9 Health Benefits of Music

Monday, July 24, 2017 9:35 AM

Music can improve mood, decrease pain and anxiety, and facilitate opportunities for emotional expression. Research suggests that music can benefit our physical and mental health in numerous ways. Music therapy is used by our hospice and palliative care board certified music therapist to enhance conventional treatment for a variety of illnesses and disease processes – from anxiety, depression and stress, to the management of pain and enhancement of functioning after degenerative neurologic disorders.

Max Lerman, Hospice and Palliative Care Music Therapist from Spiritual Care and Music Therapy at NorthShore, highlights some of the benefits music has on health and well-being:

  • It’s heart healthy. Research has shown that blood flows more easily when music is played. It can also reduce heart rate, lower blood pressure, decrease cortisol (stress hormone) levels and increase serotonin and endorphin levels in the blood. 
  • It elevates mood. Music can boost the brain’s production of the hormone dopamine. This increased dopamine production helps relieve feelings of anxiety and depression. Music is processed directly by the amygdala, which is the part of the brain involved in mood and emotions.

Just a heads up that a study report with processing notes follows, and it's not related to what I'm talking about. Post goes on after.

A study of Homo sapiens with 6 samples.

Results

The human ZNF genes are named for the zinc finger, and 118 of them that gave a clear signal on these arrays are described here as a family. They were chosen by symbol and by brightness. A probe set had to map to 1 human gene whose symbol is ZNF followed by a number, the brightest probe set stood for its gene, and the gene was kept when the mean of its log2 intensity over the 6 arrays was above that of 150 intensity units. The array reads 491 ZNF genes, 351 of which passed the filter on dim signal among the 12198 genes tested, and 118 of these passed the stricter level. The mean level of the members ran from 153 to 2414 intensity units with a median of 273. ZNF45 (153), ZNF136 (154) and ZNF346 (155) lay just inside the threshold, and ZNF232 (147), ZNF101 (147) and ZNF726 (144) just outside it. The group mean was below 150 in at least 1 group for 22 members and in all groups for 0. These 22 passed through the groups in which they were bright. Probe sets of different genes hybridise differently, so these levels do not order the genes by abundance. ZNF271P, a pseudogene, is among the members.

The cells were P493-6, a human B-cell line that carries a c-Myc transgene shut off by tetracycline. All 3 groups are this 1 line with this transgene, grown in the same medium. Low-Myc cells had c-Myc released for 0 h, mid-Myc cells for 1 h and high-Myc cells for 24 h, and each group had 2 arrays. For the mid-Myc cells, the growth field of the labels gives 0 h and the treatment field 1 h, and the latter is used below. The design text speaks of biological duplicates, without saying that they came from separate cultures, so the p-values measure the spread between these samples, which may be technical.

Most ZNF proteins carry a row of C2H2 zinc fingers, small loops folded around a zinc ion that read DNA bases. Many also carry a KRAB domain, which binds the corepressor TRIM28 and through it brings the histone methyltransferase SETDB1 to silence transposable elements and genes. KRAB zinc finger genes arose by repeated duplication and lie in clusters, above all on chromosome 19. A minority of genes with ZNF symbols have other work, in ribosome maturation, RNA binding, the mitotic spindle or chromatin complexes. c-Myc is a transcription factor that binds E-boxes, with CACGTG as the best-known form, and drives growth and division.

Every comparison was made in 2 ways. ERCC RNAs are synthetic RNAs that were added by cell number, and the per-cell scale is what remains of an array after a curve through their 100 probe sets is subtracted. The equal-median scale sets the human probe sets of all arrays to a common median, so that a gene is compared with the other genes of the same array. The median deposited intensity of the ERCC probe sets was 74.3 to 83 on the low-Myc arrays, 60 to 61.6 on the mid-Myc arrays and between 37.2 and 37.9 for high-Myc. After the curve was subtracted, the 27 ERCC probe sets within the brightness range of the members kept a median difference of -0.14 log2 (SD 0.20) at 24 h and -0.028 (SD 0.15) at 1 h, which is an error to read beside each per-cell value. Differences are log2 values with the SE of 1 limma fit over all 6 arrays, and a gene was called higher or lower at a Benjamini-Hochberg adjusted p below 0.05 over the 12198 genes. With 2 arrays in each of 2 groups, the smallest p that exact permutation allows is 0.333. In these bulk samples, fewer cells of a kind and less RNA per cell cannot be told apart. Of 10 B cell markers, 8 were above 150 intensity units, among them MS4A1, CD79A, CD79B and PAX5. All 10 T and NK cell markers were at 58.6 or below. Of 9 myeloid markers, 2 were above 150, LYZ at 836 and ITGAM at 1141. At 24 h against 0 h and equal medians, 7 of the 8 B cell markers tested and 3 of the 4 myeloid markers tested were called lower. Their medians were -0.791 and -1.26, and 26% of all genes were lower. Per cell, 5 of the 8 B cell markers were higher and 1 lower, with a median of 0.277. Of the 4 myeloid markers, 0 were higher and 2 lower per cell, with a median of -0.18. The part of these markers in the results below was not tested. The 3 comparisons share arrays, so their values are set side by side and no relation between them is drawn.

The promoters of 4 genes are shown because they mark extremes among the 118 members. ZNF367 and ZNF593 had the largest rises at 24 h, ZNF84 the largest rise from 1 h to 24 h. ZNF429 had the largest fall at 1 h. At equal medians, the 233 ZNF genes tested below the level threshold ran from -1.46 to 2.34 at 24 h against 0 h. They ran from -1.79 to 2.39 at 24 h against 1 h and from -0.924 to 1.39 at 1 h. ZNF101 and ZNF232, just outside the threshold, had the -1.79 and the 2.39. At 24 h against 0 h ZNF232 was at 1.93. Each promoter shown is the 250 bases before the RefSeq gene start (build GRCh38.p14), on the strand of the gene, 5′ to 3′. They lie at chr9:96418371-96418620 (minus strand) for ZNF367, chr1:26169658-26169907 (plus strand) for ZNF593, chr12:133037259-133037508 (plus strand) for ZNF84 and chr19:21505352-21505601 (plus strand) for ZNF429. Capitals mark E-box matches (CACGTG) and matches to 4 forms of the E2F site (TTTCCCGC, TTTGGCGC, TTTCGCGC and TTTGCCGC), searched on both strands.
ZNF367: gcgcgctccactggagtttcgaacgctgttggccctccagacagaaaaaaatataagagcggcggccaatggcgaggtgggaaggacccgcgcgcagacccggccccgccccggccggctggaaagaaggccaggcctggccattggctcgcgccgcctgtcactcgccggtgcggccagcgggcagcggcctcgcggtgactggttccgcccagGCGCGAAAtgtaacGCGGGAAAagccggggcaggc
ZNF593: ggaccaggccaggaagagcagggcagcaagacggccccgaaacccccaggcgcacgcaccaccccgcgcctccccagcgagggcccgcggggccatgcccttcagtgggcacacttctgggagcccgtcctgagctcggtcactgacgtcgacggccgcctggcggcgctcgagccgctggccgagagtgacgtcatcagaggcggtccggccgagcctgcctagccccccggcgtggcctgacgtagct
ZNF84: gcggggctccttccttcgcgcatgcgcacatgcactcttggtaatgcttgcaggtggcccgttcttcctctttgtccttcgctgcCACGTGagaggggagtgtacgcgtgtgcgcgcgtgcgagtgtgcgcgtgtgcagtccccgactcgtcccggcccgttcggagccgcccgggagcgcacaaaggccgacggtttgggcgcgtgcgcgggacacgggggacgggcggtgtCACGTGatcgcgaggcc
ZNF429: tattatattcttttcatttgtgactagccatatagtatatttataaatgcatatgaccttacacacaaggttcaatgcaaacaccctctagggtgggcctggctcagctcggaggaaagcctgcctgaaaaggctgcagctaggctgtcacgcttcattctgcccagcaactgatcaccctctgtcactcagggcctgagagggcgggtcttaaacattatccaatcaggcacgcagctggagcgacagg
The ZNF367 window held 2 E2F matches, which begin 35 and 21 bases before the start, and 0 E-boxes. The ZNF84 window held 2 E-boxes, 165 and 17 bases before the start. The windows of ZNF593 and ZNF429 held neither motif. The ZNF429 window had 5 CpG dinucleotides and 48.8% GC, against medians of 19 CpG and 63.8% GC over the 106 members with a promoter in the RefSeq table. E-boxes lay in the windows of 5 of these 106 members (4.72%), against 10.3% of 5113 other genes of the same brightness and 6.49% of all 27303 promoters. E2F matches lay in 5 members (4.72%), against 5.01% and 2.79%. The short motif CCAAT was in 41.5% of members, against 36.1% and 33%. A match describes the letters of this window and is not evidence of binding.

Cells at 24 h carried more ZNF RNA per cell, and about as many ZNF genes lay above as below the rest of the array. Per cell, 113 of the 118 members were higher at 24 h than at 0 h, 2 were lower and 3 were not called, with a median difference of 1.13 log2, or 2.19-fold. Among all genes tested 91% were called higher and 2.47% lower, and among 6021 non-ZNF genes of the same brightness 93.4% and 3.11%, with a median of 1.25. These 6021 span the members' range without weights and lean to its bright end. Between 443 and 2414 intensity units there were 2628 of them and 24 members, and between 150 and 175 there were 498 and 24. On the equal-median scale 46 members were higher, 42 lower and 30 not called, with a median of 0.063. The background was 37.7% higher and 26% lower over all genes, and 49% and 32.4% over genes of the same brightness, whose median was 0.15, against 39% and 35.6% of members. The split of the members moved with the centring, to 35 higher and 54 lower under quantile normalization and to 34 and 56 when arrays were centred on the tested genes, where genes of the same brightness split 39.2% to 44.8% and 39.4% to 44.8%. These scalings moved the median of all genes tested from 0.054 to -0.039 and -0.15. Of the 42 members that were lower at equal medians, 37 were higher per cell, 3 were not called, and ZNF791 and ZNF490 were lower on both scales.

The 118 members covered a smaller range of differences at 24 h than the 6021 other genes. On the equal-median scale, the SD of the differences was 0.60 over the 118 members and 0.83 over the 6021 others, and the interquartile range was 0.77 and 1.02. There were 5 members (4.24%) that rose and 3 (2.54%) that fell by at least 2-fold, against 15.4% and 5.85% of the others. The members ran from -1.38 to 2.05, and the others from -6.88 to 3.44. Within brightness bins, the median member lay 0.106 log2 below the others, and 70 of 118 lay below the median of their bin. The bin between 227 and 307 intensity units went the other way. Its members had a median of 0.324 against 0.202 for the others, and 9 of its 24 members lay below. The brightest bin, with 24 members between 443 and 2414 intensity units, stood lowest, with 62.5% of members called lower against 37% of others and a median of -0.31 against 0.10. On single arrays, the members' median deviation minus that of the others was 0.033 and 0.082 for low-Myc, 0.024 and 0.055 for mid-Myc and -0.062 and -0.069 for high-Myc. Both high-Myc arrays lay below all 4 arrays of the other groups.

• It reduces stress. Research has found that listening music can relieve stress by triggering biochemical stress reducers.
  • It relives symptoms of depression.When you’re feeling down in the dumps, music can help pick you up - much like exercise.
  • It stimulates memories. There is no cure for Alzheimer’s disease or dementia but music therapy has been shown to relieve some of its symptoms. Music therapy can relax an agitated patient, improve the mood and open communication in patients.
  • It manages pain. By reducing stress levels and providing a strong competing stimulus to the pain signals that enter the brain, music therapy can assist in pain management. 
  • It eases pain. Music can meaningfully reduce the perceived intensity of pain, especially in geriatric care, intensive care or palliative medicine.
  • It helps people eat less. Playing soft music in the background (and dimming the lights) during a meal can help people slow down while eating and ultimately consume less food in one sitting.
  • It increases workout endurance. Listening to those top workout tracks can boost physical performance and increase endurance during a tough exercise session.

How do you use music to improve your well-being or the well-being of a loved one?